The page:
By SUE WUETCHER

Published October 24, 2017

“We know that people with PhDs tend to have very high job satisfaction … But we do not have a good understanding of what those career trajectories actually look like.”
Graham Hammill, vice provost for educational affairs and dean
UB Graduate School

While a job in academia may be the most obvious career path for those pursuing doctoral degrees, it’s certainly not the only one. And to better understand and support the various career opportunities open to those earning PhDs, UB will survey its PhD students and alumni about their career aspirations and employment as part of a national Council of Graduate Schools’ (CGS) project.

A consortium led by UB and including the SUNY university centers at Albany, Binghamton and Stony Brook is among the 29 institutions selected as partners in the CGS’ PhD Career Pathways project funded by the National Science Foundation and the Andrew W. Mellon Foundation.

Other partners include a consortium of institutions from the University of California system, as well as the University of North Carolina, Chapel Hill; the University of Wisconsin, Madison; and Brown University.

These partner institutions will administer surveys to their current doctoral students and alumni to gather data that will allow the universities to analyze PhD career preferences and outcomes at the program level, and help faculty and university leaders strengthen mentoring, career services and professional development opportunities.

The universities also will be able to use the data to provide information on the career paths of PhD alumni to current and prospective students to help them make more informed choices regarding PhD programs.

“The Graduate School at UB is pleased to be selected to participate in this nationwide initiative,” says Graham Hammill, vice provost for educational affairs and dean of the Graduate School. “For many years, educators have wanted a better understanding of the career trajectories of doctoral students.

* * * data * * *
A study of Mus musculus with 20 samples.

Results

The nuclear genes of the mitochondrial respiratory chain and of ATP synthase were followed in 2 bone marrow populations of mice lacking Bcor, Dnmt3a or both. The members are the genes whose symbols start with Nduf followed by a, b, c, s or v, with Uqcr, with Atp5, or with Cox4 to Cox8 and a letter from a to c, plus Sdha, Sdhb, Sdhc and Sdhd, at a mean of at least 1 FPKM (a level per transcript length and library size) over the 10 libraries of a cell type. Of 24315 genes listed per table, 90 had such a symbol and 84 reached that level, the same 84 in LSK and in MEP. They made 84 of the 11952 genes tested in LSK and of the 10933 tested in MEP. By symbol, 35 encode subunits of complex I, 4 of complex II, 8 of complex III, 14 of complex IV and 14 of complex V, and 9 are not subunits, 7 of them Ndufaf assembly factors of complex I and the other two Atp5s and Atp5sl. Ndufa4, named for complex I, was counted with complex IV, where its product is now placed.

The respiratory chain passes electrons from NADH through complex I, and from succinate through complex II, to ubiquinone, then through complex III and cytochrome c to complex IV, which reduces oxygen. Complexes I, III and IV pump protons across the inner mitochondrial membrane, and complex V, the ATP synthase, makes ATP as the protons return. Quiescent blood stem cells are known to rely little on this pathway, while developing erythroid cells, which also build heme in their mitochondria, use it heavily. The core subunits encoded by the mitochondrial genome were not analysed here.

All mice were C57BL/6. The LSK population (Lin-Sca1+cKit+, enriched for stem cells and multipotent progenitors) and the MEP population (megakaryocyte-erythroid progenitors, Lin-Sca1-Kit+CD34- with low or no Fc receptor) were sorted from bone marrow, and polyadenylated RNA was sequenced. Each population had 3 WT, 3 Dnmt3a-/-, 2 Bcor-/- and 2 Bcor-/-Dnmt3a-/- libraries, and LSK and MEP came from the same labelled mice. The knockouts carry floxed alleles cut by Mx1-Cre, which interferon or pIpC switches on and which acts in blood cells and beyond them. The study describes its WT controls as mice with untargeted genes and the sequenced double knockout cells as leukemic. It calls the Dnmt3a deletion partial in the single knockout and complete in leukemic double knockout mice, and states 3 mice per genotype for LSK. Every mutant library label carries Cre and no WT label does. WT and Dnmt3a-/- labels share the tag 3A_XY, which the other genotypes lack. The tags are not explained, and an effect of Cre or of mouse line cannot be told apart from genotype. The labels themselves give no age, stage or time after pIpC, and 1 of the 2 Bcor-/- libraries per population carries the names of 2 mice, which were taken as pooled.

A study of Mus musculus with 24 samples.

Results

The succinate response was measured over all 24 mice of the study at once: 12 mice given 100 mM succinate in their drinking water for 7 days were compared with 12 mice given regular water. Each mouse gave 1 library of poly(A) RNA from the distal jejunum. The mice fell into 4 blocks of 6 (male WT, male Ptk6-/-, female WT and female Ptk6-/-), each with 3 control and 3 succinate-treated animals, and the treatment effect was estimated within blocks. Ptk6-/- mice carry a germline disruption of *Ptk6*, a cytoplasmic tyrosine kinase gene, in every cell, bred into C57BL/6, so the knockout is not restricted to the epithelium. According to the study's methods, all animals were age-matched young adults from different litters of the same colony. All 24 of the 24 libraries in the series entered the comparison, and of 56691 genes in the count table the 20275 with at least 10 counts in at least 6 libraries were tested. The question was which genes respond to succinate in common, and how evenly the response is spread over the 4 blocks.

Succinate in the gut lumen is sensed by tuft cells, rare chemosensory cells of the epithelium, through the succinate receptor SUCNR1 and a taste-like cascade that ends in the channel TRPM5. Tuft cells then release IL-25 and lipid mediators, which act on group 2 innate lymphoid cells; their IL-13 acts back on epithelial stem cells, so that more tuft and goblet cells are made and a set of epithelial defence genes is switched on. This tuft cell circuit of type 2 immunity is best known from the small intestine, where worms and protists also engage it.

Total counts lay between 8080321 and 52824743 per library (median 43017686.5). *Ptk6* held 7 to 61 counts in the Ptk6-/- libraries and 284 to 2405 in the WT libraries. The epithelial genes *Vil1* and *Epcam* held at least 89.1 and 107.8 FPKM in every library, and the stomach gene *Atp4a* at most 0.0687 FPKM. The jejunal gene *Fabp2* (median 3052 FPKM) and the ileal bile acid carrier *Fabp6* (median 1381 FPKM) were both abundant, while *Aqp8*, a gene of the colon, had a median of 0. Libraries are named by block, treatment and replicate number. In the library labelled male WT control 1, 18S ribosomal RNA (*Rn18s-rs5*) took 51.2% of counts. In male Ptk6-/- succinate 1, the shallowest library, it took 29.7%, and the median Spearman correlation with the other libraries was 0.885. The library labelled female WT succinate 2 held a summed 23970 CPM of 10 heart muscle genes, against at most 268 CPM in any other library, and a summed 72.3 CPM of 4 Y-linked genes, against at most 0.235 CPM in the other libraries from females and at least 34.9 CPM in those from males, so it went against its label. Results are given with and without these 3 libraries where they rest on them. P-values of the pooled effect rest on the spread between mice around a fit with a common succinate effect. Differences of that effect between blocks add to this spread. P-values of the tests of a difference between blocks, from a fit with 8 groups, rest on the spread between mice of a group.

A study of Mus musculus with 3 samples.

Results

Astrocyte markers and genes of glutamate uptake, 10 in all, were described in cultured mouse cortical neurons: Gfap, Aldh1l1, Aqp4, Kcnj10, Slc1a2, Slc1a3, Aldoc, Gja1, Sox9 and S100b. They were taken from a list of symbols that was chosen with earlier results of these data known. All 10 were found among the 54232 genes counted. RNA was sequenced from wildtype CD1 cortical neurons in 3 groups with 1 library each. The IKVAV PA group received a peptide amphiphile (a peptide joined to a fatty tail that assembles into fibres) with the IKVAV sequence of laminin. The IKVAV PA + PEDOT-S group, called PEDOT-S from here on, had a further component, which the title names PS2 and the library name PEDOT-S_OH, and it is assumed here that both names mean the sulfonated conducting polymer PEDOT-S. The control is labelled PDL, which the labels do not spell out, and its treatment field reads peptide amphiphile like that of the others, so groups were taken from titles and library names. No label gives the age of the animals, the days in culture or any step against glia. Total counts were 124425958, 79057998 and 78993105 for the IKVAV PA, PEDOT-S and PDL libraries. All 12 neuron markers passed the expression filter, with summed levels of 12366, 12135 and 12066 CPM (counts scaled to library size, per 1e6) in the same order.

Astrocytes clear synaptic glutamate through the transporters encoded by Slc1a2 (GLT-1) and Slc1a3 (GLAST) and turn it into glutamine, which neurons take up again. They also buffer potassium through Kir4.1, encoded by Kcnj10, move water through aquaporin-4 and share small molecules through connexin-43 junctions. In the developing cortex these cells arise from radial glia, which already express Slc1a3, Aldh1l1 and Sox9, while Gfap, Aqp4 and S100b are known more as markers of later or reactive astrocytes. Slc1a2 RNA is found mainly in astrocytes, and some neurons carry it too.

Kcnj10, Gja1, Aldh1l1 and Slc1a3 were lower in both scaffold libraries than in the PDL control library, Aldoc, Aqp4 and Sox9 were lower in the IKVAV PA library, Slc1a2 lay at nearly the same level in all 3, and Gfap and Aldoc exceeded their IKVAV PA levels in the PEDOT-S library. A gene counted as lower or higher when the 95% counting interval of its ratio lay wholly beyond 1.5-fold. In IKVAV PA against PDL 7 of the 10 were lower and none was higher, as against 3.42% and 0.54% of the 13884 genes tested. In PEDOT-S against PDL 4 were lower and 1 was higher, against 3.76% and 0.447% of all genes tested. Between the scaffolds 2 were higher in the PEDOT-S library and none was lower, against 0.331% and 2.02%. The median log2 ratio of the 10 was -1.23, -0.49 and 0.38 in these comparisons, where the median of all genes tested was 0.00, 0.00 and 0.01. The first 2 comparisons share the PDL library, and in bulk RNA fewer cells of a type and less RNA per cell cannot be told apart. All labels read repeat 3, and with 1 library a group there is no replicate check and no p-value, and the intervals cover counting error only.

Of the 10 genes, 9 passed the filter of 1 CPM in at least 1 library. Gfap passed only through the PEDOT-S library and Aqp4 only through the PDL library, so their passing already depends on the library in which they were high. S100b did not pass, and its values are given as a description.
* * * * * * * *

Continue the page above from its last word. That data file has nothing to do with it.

“We know that people with PhDs tend to have very high job satisfaction — both those who go on to hold academic positions, as well as those who have careers outside of the academy. But we do not have a good understanding of what those career trajectories actually look like,” he explains.

“The results of this survey will give us a much clearer picture, and in the long run will give us a solid foundation for improving the overall quality of doctoral education nationwide, and at UB.”

The project, adds SUNY Chancellor Kristina M. Johnson, will help the system “better understand the career goals of our PhD students, the types of opportunities they find upon graduation and beyond, and the skill sets that they believe are particularly important to finishing their doctorate, gaining their first position and advancing in their career.”

“For my own experience, my PhD and postdoc education set me on an amazing path across academic research, university department and administrative leadership, senior experience at a federal agency and starting my own business,” as well as her current position as SUNY’s 13th chancellor, Johnson says. “It has been an incredible experience so far, and one that I know was positively influenced by my graduate preparation.”

The surveys were developed by the Council of Graduate Schools in consultation with senior university leaders, funding agencies, disciplinary societies, researchers, and PhD students and alumni.

UB will distribute the survey to current PhD students this fall and to PhD alumni in spring 2018.

The CGS expects to publish the first wave of data in fall 2018.